Here’s the argument:
A considered and empathetic opposition to same-sex marriage has nothing to do with phobia or hatred, but that doesn’t stop Christians, conservatives, and anybody else who doesn’t take the fashionable line from being condemned as Neanderthals and bigots. This is a lesson that Canadians have learned from painful experience.
Same-sex marriage became law in Canada in the summer of 2005, making the country the fourth nation to pass such legislation, and the first in the English-speaking world. In the few debates leading up to the decision, it became almost impossible to argue in defense of marriage as a child-centered institution, in defense of the procreative norm of marriage, in defense of the superiority of two-gender parenthood, without being thrown into the waste bin as a hater. What we’ve also discovered in Canada is that it can get even worse than mere abuse, and that once gay marriage becomes law, critics are often silenced by the force of the law.
The article is full of examples of how pro-marriage opinions were stifled and crushed by the state, once same-sex marriage was made legal.
Here’s an excerpt:
Four years ago, a Christian organization in Ontario that works with some of the most marginalized disabled people in the country was taken to court because of its disapproval of an employee who wanted to be part of a same-sex marriage. The government paid the group to do the work because, frankly, nobody else was willing to. As with so many such bodies, it had a set of policies for its employees. While homosexuality was not mentioned, the employment policies did require that employees remain chaste outside of marriage, and marriage was interpreted as the union of a man and a woman. The group was told it had to change its hiring and employment policy or be closed down; as for the disabled people being helped, they were hardly even mentioned.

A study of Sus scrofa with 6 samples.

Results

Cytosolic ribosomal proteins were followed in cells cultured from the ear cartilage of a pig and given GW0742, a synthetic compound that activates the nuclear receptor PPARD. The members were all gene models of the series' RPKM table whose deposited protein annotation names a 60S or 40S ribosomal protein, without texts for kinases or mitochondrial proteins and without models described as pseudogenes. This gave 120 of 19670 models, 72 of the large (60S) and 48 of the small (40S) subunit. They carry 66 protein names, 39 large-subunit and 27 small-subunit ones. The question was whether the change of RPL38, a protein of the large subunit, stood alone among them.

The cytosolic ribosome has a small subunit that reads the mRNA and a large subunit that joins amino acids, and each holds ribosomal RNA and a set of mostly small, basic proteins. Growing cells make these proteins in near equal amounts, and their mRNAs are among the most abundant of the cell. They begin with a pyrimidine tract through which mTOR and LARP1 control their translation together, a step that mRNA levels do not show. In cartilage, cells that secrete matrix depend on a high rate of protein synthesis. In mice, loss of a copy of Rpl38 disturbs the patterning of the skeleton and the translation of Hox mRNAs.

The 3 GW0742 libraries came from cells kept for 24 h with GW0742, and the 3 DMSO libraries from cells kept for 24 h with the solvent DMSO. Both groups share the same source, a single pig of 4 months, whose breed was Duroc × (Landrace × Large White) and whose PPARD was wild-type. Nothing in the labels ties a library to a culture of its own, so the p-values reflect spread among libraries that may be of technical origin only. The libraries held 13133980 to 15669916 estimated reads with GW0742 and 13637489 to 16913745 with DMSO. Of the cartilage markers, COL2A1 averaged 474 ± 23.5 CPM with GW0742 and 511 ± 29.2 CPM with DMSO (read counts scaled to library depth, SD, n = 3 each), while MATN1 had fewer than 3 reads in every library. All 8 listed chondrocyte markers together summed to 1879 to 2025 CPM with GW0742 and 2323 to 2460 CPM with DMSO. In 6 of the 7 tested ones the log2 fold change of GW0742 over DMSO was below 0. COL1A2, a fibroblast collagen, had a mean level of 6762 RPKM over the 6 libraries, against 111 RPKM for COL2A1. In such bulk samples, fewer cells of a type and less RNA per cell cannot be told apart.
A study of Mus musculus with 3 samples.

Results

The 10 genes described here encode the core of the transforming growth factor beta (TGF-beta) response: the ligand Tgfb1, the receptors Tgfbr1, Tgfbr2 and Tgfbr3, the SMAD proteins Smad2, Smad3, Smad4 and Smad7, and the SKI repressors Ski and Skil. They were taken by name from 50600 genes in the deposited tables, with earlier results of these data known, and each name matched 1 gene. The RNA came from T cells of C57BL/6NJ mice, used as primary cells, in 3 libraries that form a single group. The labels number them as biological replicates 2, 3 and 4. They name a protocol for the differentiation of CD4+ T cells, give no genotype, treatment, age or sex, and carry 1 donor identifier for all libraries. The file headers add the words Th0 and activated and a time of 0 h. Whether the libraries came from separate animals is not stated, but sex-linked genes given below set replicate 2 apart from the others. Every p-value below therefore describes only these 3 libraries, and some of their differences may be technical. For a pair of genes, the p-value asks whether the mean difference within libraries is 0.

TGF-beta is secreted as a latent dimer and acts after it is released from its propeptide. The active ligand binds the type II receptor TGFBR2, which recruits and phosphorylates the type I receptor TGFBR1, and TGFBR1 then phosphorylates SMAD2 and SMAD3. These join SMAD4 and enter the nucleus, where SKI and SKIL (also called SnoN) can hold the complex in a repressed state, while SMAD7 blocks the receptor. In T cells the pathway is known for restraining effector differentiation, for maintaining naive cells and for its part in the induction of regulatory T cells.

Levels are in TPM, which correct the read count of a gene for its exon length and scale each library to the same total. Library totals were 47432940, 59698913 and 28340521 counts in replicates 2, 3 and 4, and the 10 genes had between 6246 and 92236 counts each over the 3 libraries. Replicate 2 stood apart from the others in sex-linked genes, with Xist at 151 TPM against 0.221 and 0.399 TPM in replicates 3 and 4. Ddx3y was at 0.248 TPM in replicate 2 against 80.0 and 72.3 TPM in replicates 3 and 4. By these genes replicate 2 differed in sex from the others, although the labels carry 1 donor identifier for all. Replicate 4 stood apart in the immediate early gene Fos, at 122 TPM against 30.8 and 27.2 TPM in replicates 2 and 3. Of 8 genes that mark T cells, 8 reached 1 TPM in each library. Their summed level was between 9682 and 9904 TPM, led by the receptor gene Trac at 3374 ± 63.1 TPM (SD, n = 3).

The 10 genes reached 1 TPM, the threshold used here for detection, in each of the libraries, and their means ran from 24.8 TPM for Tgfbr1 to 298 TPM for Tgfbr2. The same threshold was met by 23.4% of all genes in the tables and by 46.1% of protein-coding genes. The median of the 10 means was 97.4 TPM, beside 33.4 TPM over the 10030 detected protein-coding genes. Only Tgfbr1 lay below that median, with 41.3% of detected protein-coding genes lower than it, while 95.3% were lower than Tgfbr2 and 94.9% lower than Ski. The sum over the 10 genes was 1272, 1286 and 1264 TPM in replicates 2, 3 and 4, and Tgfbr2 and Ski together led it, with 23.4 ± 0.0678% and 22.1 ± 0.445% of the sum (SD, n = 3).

In small-town British Columbia, a Knights of Columbus chapter rented out its building for a wedding party. They were not aware that the marriage was to be of a lesbian couple, even though the lesbians were well aware that the hall was a Roman Catholic center — it’s increasingly obvious that Christian people, leaders, and organizations are being targeted, almost certainly to create legal precedents. The managers of the hall apologized to the couple but explained that they could not proceed with the arrangement, and agreed to find an alternative venue and pay for new invitations to be printed. The couple said that this was not good enough, and the hall management was prosecuted. The human-rights commission ruled that the Knights of Columbus should not have turned the couple down, and imposed a small fine on them. The couple have been vague in their subsequent demands, but feel that the fine and reprimand are inadequate.
As I write, two Canadian provinces are considering legislation that would likely prevent educators even in private denominational schools from teaching that they disapprove of same-sex marriage, and a senior government minister in Ontario recently announced that if the Roman Catholic Church did not approve of homosexuality or gay marriage, it “would have to change its teaching.” What has become painfully evident is that many of those who brought same-sex marriage to Canada have no respect for freedom of conscience and no intention of tolerating contrary opinion, whether that opinion is shaped by religious or by secular belief.
Read the whole thing, and learn from the mistakes of others.